Photo by <a href="http://www.flickr.com/photos/hauntedpalace/232968544/" target="new">Carla 216</a> used under a Creative Commons license.
Attention has shifted to Afghanistan, but the results of the (yes, still ongoing) American presence in Iraq continue to reveal themselves. Among them is a report (PDF) released Thursday by UNESCO, alleging that American soldiers and private contractors sullied one of the world’s richest archeological sites after the 2003 invasion. The site has long suffered from plunderers and mismanagement, but the American operation seems to have only worsened things. The Hanging Gardens of Babylon, one of the Seven Wonders of the World, became the location for “Camp Alpha.” The impact of thousands of soldiers and their heavy equipment on the historic site caused “a considerable amount of damage,” said the British Museum’s John Curtis, after the report was released to the press in Paris.
From the AP:
American troops and contractors, notably from KBR — then a Halliburton subsidiary — dug trenches several hundred yards (meters) long through the ruins, bulldozed hilltops, and drove heavy military vehicles over the fragile paving of once-sacred procession paths, according to a report presented Thursday at UNESCO’s headquarters in Paris…
UNESCO officials stressed that the damage didn’t begin with the U.S. military or fully end after it left. Many of Babylon’s most famous artifacts were ripped off walls by European archaeologists during the 19th century and remain on display at the Louvre and Pergamon Museums in Paris and Berlin.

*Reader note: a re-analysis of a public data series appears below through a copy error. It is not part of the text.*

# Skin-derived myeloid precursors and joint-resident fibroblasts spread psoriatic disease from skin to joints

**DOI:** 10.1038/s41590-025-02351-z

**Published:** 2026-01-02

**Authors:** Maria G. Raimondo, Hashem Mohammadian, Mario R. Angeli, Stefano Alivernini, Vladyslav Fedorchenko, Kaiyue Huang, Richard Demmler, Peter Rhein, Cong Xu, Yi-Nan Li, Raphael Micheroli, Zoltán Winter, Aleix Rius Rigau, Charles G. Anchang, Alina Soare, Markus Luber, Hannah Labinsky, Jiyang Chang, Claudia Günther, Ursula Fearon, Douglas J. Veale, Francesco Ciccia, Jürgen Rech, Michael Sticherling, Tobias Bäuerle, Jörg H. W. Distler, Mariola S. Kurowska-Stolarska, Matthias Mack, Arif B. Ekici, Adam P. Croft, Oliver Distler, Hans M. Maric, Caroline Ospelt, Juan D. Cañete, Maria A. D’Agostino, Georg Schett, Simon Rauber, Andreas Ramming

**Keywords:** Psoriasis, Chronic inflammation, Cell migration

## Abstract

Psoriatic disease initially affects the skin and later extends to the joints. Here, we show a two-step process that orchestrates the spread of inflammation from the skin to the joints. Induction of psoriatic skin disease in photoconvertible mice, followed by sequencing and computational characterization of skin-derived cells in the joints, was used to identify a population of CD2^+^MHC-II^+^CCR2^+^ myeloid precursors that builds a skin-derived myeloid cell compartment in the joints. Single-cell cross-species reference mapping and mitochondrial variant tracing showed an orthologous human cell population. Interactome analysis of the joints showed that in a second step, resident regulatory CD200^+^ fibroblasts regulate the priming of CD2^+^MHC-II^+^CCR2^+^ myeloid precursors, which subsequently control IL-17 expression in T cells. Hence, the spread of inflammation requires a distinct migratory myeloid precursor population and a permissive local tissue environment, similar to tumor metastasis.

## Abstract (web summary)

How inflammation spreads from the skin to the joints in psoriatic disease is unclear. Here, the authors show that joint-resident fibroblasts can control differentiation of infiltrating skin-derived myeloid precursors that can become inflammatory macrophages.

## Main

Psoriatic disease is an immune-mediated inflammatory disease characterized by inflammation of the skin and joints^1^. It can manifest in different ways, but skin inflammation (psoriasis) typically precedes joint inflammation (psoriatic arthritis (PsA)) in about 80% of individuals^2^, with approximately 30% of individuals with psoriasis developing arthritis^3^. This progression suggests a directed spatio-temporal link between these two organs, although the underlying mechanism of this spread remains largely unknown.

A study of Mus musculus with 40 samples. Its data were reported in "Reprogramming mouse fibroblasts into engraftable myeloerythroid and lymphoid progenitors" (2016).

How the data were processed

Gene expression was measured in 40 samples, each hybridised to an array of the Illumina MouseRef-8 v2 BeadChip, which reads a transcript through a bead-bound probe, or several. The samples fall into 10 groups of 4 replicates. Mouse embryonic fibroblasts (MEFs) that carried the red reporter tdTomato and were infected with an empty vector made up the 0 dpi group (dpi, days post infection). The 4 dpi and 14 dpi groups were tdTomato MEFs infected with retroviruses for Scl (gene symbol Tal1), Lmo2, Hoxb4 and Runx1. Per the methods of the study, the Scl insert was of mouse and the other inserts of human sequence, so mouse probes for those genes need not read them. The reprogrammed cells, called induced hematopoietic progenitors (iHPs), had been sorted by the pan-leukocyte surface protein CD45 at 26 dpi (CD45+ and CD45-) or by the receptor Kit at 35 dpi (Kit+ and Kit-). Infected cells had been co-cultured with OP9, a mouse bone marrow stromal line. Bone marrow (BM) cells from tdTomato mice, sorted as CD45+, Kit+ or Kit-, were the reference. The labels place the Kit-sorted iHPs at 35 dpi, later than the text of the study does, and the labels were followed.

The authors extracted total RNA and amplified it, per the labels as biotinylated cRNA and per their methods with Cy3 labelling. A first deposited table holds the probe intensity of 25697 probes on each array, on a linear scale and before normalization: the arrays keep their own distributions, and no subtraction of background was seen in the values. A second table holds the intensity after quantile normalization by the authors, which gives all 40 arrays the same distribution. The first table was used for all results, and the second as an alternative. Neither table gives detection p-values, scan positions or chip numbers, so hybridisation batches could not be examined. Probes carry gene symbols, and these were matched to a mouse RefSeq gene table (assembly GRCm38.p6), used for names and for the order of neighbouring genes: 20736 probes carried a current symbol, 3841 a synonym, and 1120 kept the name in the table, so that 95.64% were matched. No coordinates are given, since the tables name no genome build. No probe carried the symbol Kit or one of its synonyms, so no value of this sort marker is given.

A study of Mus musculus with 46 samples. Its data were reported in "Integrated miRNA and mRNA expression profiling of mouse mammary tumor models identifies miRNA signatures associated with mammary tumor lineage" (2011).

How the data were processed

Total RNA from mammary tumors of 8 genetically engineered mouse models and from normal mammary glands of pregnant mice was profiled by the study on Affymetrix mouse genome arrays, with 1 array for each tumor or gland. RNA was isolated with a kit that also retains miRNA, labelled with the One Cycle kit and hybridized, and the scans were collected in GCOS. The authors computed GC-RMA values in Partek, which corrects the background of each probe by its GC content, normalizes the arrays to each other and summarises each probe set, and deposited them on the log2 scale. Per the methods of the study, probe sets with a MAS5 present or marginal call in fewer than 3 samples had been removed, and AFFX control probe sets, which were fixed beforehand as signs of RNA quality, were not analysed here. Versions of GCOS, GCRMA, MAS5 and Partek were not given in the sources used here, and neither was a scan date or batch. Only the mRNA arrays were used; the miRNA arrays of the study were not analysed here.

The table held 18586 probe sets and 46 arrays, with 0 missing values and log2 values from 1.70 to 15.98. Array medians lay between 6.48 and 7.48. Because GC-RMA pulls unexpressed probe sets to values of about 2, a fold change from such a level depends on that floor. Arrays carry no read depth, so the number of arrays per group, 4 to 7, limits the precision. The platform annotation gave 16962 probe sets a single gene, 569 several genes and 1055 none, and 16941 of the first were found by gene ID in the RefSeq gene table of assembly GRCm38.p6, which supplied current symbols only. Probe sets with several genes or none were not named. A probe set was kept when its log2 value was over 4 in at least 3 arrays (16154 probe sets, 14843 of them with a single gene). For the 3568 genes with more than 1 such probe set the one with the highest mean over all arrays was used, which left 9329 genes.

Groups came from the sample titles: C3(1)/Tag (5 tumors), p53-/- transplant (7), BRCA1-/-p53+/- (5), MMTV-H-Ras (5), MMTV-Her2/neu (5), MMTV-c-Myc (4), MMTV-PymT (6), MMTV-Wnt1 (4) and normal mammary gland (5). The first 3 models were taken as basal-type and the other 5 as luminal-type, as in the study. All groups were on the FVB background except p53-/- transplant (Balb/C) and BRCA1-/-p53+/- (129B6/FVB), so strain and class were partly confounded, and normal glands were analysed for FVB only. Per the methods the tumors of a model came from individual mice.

Iraqi dictator Saddam Hussein also restored or distorted some of the ruins so badly that it prevented UNESCO from listing Babylon as a World Heritage site in the past, UNESCO officials said.
Looting and black-market trading has continued on a large scale since the site was handed back to Iraqis, they added.
The scale of the damage means it is too early to assess how much money will be needed to restore and fully protect the site, said Curtis and the other experts who prepared the UNESCO report, which caps five years of investigation and multiple findings by Iraqi and international academics.